Which book changed your life – was it Catcher in the Rye or Ampersand? Eric Harke, a movie star on the heady upswing of 21st-century celebrity, knows which book he wants the option on. “You have Catcher in the Rye people and you have Ampersand people, and I definitely, absolutely, one hundred per cent fall into the Ampersand camp.”

Listening to this outburst is Richard Dyer, 45 years old and the eldest son of AN Dyer, author of that celebrated novel; Richard, who has striven for success against the spectre of his father’s brilliance and thinks that, finally, he’s made it on his own. Except that he is shortly to discover that he hasn’t. There is no escape from Ampersand.

Ampersand and Andrew Dyer have something in common with Catcher and Salinger. David Gilbert, in his second novel, reflects Salinger in a funhouse mirror. In Dyer he has created an author who, like Salinger, is defined by a debut that serves as a focusing lens for teen-boy angst.

Dyer went on to be pretty prolific: head to “The Works of AN Dyer” on Gilbert’s website and you will find reviews of his other books, such as Pink Eye (1963) and Here Live Angry Dogs and Brutal Men (1966), as well as a detailed record of his Pulitzers and National Book Awards. (The retro covers for these novels are delicious in their own right, as are the quoted reviews from such luminaries as Ozzie Kratzner at The New Republic, or Conner McPhee of Time magazine.)

Yet his first book haunts Dyer for reasons that only truly become clear once we are deep into Gilbert’s novel, and which make this book very much more than a satire on the New York literary and social world. At the opening of & Sons, Richard, his brother Jamie – a video artist – and their much younger half-brother Andy have gathered for the funeral of Dyer’s oldest and closest friend, Charles Topping: a loss that has hit the great author hard. Harder even, it seems, than it has hit Topping’s son, Philip, this novel’s elusive narrator. It is Philip who must convey to the reader the effect that having AN Dyer for a father has had on his three sons.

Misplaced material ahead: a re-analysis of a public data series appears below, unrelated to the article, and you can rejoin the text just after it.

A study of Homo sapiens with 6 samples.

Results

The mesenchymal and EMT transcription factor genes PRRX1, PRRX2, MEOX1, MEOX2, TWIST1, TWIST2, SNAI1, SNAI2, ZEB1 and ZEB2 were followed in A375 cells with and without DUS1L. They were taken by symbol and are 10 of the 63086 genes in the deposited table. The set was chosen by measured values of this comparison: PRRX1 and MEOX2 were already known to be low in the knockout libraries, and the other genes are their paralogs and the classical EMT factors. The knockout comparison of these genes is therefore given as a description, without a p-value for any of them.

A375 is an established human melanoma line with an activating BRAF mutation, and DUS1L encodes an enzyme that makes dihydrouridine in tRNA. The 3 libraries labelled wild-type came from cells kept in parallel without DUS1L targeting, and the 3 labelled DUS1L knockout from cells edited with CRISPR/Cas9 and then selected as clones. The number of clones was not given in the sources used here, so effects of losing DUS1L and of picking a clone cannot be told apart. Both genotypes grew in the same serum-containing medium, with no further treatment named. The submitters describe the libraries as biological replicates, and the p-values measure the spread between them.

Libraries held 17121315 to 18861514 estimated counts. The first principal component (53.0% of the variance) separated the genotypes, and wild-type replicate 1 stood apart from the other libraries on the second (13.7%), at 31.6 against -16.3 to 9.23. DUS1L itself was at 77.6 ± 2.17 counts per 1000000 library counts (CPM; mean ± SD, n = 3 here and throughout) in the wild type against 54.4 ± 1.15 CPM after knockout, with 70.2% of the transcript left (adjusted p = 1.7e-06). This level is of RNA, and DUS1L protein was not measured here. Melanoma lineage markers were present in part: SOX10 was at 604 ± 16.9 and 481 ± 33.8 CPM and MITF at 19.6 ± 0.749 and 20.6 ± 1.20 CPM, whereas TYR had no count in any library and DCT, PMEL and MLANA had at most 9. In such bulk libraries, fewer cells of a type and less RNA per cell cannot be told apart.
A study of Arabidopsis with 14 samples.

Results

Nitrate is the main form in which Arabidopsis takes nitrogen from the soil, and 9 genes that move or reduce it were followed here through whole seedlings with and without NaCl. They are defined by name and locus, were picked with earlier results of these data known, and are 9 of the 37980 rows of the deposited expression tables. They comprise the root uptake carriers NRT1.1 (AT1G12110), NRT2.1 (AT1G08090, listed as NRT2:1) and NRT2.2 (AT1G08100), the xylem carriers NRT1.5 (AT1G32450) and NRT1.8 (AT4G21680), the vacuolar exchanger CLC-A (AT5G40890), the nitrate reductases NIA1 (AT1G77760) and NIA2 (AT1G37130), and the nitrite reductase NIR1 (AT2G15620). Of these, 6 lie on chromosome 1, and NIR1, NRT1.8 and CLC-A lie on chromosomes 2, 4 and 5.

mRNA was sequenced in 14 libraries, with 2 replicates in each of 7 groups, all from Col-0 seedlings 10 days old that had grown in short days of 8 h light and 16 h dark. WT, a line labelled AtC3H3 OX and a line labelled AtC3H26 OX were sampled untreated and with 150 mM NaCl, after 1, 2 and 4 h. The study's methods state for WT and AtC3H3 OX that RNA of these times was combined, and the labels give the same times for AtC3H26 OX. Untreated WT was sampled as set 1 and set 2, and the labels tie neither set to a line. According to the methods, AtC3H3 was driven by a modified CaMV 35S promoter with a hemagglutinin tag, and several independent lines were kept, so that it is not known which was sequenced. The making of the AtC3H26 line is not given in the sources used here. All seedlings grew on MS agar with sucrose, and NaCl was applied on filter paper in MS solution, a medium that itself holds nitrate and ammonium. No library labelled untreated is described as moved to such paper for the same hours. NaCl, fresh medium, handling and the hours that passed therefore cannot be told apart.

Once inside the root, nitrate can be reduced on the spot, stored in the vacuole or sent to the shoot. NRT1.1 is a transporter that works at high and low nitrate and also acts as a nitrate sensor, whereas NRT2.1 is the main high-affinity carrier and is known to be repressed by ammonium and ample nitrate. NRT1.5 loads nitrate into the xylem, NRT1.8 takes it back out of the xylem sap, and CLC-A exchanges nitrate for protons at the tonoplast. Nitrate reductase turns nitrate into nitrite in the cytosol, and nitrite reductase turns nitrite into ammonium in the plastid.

Perhaps the most famous example of an “unreliable narrator” in modern fiction is Ford Madox Ford’s The Good Soldier, published in 1915. Its narrator, John Dowell, reveals the fragmented lives of those around him in flashback, his own participation in these events elided, so that the reader is finally left to question everything laid before them. And so it is with Philip, who flickers in and out of this story so that it is never really clear where his place is in it or what knowledge he truly possesses. The shifts from scenes in which Philip is plainly present to scenes which he can only know second-hand (and yet appears to have intimate knowledge of) are eerily seamless. But then Philip too dreams of being a writer – and dreams most specifically of writing a book that would win AN Dyer’s approval, “the book a frame for his signature”.

Philip is engaging company and a fine storyteller. But there are more angles to this tale: the book is threaded through with handwritten letters from Dyer to Philip’s father Charles, from boyhood on; there is only one letter from Charles to Andrew and that casts their friendship and their lives in a very different light. Which story is true and which is fiction? Perhaps simply whichever is the better story. “All I can say, and this is hardly descriptive and a real literary chestnut, but what follows is like a dream, and like most dreams is probably best left to the dreamer,” Philip says towards the end of the novel. A cop-out? Or a revelation that the story is up to us?

The novel is bookended by funerals and, finally, it is not so much about writing as about death. Ampersand buys its author a kind of immortality, but at what price? It shadows the lives of his three children, each of them screened from his own real life – in very different ways – by the father’s celebrity. Jamie, the middle son, becomes inadvertently famous when a disturbing film he makes goes viral without his knowledge. It is a film of a former girlfriend who is dying of cancer. She has asked that the film be made for her family, but privacy cannot be maintained. Her immortality is also unwanted: an everlasting, public death.

& Sons is a sophisticated, compassionate novel, very much more than a clever take on the vicissitudes of the writing life. Funny and smart, it is lit with the kind of writing that makes the reader break into a smile; a film producer has a European accent “that seemed rucksacked to his shoulders”; a woman in a black-and-white maid’s uniform looks like she is “being swallowed whole by a leaping killer whale”. But cleverness aside, Gilbert’s book offers a reminder that all of us transform our lives into stories – and that every narrative comes at a cost.